I have just returned from an all too brief trip to Toronto and New York City, and here are some of my tips for cool places to check out if you are on that side of the Atlantic.
The current exhibition at the AGO of David Blackwood’s work – Black Ice, prints of New Foundland- is the best exhibition that I have seen in a long long time.
His work is laid out in a way that you can really appreciate the sombre and atmospheric art which draws upon his experiences in Newfoundland. The AGO can also boast about the Thomson Collection.
2. Magic Pony & Narwhal Galleries – (680 Queen St West, Toronto ON Canada, M6J 1E5).
I have bought art from this gallery for years, and they have a wonderful collection of rising stars, and established artists from Gary Taxali, Melinda Josie, to Kozyndan. They care about their artists and their customers.
3. Spoof! (350 Queen St W, Toronto, ON M5V 2A2).
I have to admit that my very stylish cousin Angela runs this ladies fashion store so I am very biased. Spoof! has an excellent range of clothes for the fashion conscious lady, and not over priced either! If you visit tell Angela that you heard about it on Phil’s blog!
New York City
1. African Burial Ground National Monument (on the corner of Duane and Elk Streets in lower Manhattan) is operated by the National Park Service, and I now go every time that I am in New York City.
The African Burial Ground was re-discovered in 1991, when construction began on a federal office building in lower Manhattan. The site was designated by the Secretary of the Interior as a National Historic Landmark in 1993. The burial ground is part of an original seven-acre site containing the remains of about 15,000 people, making it the largest and oldest African cemetery excavated in North America.
I would recommend a trip to the visitor centre, and the educational videos in the theatre. When you get to the end of the walk round section of the centre, at the top right hand corner (sadly out of view unless you look for it – it is slightly hidden round the corner) they have reproduced some of the disgraceful NY legislation of the day, which is so nauseating that you will have to take a second glance to check that you read the law correctly!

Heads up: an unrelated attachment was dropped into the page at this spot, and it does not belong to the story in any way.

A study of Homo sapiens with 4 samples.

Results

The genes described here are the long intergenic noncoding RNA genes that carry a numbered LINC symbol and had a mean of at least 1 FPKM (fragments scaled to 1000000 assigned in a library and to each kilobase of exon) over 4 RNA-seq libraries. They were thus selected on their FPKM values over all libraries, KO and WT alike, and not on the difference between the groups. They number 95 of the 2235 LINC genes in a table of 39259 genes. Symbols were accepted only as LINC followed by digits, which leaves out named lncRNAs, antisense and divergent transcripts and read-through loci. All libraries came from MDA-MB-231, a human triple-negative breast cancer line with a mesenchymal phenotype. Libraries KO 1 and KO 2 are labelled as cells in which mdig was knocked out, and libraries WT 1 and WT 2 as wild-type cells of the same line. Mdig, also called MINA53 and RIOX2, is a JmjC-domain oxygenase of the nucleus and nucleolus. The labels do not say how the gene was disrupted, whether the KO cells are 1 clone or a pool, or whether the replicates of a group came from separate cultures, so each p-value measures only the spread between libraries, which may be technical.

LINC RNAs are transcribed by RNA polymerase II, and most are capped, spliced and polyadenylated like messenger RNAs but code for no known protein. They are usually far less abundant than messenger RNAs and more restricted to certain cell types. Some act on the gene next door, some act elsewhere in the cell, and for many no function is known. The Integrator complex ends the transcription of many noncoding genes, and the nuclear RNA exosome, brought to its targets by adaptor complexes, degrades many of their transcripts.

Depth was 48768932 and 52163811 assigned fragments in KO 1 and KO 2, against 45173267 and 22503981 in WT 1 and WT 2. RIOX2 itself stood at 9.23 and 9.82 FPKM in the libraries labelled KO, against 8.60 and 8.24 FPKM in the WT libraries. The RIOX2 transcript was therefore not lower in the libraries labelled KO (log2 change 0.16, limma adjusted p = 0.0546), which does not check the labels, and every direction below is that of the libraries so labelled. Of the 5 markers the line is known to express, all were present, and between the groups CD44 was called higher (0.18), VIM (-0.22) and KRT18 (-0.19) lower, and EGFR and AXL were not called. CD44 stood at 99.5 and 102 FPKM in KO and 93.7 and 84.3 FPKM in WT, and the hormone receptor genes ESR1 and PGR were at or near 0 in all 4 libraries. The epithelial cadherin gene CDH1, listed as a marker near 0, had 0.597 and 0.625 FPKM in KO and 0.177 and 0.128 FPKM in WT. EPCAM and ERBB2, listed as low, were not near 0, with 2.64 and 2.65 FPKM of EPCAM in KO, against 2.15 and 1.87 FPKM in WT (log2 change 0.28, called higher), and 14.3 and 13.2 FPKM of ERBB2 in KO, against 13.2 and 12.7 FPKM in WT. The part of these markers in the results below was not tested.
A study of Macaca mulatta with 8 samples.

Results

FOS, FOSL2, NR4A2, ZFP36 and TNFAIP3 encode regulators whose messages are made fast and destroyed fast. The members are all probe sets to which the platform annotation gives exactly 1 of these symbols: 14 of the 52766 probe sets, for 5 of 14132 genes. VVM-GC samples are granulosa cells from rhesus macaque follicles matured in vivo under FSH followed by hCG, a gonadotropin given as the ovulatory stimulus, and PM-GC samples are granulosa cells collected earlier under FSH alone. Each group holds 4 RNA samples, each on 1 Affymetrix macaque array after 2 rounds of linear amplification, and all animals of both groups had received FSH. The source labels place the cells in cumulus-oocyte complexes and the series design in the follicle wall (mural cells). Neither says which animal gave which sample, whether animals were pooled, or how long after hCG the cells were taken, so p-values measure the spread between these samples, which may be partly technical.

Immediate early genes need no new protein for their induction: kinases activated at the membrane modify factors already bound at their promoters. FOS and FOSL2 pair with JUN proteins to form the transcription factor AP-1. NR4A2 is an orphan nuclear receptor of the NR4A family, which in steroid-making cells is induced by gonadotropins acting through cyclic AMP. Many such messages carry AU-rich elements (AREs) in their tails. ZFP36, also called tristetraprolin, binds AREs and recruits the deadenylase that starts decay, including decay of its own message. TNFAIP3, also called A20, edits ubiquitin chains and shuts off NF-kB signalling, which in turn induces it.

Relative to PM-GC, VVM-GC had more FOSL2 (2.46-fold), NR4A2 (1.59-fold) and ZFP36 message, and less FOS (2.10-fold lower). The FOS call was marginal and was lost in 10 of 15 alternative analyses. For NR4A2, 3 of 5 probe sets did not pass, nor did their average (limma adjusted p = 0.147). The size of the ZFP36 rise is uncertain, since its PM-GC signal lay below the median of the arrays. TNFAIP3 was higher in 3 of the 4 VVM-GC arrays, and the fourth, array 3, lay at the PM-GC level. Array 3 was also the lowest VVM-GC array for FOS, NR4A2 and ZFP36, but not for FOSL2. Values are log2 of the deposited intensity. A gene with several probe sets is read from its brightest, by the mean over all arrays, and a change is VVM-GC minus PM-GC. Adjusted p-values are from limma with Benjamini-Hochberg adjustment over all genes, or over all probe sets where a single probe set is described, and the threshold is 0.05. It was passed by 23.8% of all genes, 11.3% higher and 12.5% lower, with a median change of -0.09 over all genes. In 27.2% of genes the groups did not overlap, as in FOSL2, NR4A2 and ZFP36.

It is worth taking the time to visit this thought-provoking monument.
The High Line was built in the 1930s, as part of a massive public-private infrastructure project called the West Side Improvement. It lifted freight traffic 30 feet in the air, removing dangerous trains from the streets of Manhattan’s largest industrial district.
Imagine a landscaped garden next to train tracks that runs above some parts of Manhattan, with amazing views, and you will get the picture.
3. Osteria Morini (218 Lafayette St between Broome and Spring Sts)
As recommended to me by the Critics Choice section of Time Out New York – Now, Phil’s top tip to you for a relaxed neighbourhood restaurant, quite close to Joe’s pub.
4. Velvet Cigar Bar and Lounge – (80 East 7th Street).
A very relaxed lounge for you to enjoy a nice (although no Cuban) cigar. It does not serve food or alcohol, but you can bring your own, if you want too. It is a very interesting, and eccentric destination. You can leave your coat on a hook on the street so it does not get enveloped by Cigar Smoke.
My thanks to Michael, Nathan, Carina and Angela.
I am always interested to hear feedback on any of my tips.